There are a million and one health articles online. You’ve probably read about two million of them, but still have problems meeting your personal health goals. How is it possible that you aren’t in K-pop star slim shape with the best s-curve after reading so many health articles?
Because they never invade your real life. We read a bunch of articles, but never incorporate them into our real life or move forward on a health journey.
If you want to feel fit, genuinely increase your health, and start using some of the giant library of health knowledge you have amassed over the years, pay attention to them tips to take your general health knowledge into real life.
1. Do Stuff You Actually Like
Do stuff you actually enjoy. It’s pretty simple, while quitting carbs might promise to drop 10 lbs in two weeks, if you love bread, it’s not going to stay. If doing super slow exercise is super effective, but you totally hate it, it’s probably not part of an achievable long-term plan. Do stuff that you actually like, for example: if you hate cooking, eating a raw vegan diet is probably a little more achievable. Or if you hate exercise, staying out of the gym and doing things like horseback riding (which is great for your mental health too) or dancing (which really helps seniors) are great alternatives that you don’t have to do mental gymnastics to force yourself into. If you’re bribing yourself to go, you probably hate it.
If you hate doing it, don’t force yourself to do it. Healthy eating doesn’t have to be a chore and exercise doesn’t have to be the worst thing since your knees got wrecked running on asphalt. There are delicious healthy recipes that are hella easy, like chocolate chia seed pudding, or slow cooker chicken curry. There are also better ways to move your body, like rock climbing, karate classes, long walks, fishing, going through a shrub maze to solve The Secret of Shadow Ranch, spend your day running along some sand dunes and the night staring at the stars, go rollerblading, play tennis in the park, or go snowshoeing.
As long as you are moving and enjoying your day, do it. Just stop trying to do stuff you hate, like lifting weights, or drinking just juice for 5 days. Because clearly you hate it, and it’s not working for your long term health.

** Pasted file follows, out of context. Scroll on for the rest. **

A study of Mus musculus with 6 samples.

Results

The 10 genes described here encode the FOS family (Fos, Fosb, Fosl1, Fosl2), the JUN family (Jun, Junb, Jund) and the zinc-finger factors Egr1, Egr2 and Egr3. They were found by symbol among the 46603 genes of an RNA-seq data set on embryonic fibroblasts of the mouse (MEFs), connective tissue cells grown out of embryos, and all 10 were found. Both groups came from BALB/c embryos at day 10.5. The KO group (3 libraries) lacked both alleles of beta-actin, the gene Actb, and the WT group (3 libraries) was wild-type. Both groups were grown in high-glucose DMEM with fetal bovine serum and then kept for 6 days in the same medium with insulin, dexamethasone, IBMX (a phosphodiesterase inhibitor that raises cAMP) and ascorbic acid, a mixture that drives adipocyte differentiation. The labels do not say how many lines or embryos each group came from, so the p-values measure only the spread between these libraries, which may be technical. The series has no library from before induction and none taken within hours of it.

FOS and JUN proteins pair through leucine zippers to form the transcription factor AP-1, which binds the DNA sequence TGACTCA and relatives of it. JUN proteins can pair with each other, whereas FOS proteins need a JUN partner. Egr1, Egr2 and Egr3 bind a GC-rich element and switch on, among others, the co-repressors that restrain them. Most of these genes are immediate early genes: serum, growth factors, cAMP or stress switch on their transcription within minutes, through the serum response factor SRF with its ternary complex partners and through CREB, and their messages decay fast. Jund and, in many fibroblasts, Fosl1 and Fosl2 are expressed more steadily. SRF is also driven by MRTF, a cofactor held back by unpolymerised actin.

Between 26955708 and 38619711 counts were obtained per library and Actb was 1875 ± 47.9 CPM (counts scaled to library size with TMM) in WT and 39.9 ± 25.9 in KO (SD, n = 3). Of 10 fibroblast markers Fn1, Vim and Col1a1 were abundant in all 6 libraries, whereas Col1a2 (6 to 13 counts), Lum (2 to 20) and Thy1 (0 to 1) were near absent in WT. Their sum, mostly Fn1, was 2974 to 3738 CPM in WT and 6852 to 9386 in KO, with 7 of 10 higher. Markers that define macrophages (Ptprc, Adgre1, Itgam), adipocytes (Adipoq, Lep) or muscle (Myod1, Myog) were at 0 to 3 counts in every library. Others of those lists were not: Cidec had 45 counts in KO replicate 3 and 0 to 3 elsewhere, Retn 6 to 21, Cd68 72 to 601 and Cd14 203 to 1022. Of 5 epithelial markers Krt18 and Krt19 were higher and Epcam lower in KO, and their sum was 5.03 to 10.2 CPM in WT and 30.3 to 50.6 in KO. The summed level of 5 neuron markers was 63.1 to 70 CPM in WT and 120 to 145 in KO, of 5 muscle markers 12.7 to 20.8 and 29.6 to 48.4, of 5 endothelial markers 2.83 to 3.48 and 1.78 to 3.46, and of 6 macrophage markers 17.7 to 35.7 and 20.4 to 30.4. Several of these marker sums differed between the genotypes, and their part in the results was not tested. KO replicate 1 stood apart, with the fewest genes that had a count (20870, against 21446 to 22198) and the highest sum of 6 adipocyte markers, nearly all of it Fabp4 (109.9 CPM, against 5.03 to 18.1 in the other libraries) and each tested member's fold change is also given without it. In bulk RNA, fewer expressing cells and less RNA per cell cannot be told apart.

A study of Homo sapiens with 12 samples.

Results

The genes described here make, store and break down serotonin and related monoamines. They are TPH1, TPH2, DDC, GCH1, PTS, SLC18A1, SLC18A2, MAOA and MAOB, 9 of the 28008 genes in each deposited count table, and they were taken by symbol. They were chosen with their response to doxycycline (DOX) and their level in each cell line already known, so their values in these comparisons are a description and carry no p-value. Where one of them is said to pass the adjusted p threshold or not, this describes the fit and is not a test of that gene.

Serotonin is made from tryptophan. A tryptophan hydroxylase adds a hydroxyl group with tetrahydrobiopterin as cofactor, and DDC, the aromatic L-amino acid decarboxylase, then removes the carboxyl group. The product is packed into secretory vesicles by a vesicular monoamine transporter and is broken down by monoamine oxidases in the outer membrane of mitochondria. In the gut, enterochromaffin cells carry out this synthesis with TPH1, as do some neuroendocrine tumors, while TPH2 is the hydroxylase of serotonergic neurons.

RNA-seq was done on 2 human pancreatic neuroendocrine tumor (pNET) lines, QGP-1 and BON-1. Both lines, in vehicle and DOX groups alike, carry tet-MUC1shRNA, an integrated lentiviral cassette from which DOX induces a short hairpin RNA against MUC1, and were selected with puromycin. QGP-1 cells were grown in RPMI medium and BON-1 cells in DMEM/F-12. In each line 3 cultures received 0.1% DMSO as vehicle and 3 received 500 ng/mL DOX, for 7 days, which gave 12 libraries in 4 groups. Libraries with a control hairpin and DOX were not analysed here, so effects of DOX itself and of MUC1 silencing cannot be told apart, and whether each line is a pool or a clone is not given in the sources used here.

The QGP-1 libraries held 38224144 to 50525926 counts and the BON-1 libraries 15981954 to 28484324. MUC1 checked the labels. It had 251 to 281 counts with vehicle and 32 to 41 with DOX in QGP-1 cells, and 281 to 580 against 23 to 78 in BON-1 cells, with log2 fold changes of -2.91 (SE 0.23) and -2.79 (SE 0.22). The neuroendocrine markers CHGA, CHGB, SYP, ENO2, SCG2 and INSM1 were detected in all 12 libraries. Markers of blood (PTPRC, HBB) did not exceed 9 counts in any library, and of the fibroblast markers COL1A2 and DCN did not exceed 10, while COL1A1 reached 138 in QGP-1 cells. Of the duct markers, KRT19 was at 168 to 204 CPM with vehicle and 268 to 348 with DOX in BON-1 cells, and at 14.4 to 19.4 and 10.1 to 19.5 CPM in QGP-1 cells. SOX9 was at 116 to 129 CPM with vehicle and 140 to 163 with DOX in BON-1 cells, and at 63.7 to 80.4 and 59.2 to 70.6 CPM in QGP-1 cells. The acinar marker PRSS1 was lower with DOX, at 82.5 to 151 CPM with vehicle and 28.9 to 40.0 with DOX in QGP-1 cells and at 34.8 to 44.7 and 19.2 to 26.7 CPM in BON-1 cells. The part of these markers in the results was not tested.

2. Take Care of Yourself First
Stress bites. Hard. It’s a killer bigger than obesity and it can double down, helping you put on weight. Taking care of yourself before you move onto getting fit and healthy is a big part of staying healthy in the long run. Especially since 1 in 5 American experience mental illness in a year, and for 21% of people suffer with a severe mental disorder at some point in the their life. That can be extra stressful or difficult to deal with. Focus on yo’ self before diving into some crazy everyday of the week jumping weights and supercharged kale soup plan. You might lose weight, but it’s hard to stay with something that doesn’t make you feel good. Doing a little self-care and working on yourself may be better for your health in the long run.
3. Motivational Goals/ Measure Real Life Consequences
You might already like the stuff that you do to stay healthy, whether that’s hiking up to mountains to scream at them, spending too much time doing unnecessarily complex practical jokes (try holding yourself above a door for a long period of time #fitness #friendshipgoals), or going apple picking so you will be forced to eat so many apples. If you don’t have a problem with the activity, but find it hard to do things on a regular basis, start tracking the results as a means of motivation.
For example, if you want to be healthy, you could make yourself put away a dollar for every day that you skip exercise to help pay for the future health problems and the extra life insurance costs associated with being old and unhealthy. Then use that money to fund some fit adventures, like karate lessons, a season ski pass, or a giant hamster bubble you can run around in without having to touch people or grass or the world.
Writing down or posting the reasons you want to exercise will help you accomplish those goals. Move towards an actual result is better than a blanket general goal. Saying “I am going to move for 45 min, four days a week” written down on your planner is much more actionable than “I am going to exercise” whispered to your phone as you lay in bed wishing you were more healthy. The more detailed your plans and goals are, the better your results will be.
4. Read Less. Do More. Ignore Some Bullshit.
Ignore some of the advice you read online, reading it wastes your time, especially if you are already trying something. That nonsense about detoxing from Gwyneth Paltrow (who cuts out tomatos!) is not something that will help your journey or Katie Perry’s M-diet. As fun as it might seem to get as S-curvy as Ms. Perry, will probably not be fun to actually eat a meal a day of just mushrooms. Reading health advice everyday can be a great confirmer of your already healthy habits, like eating lots of vegetables or walking sometimes. But crazy stuff like detoxes, or sugar diets, or not eating any more ice-cream ever again is crazy! Read less, do more, and ignore some of the bullshit online.
Eat healthy, mostly plants, move a little, and take your health offline.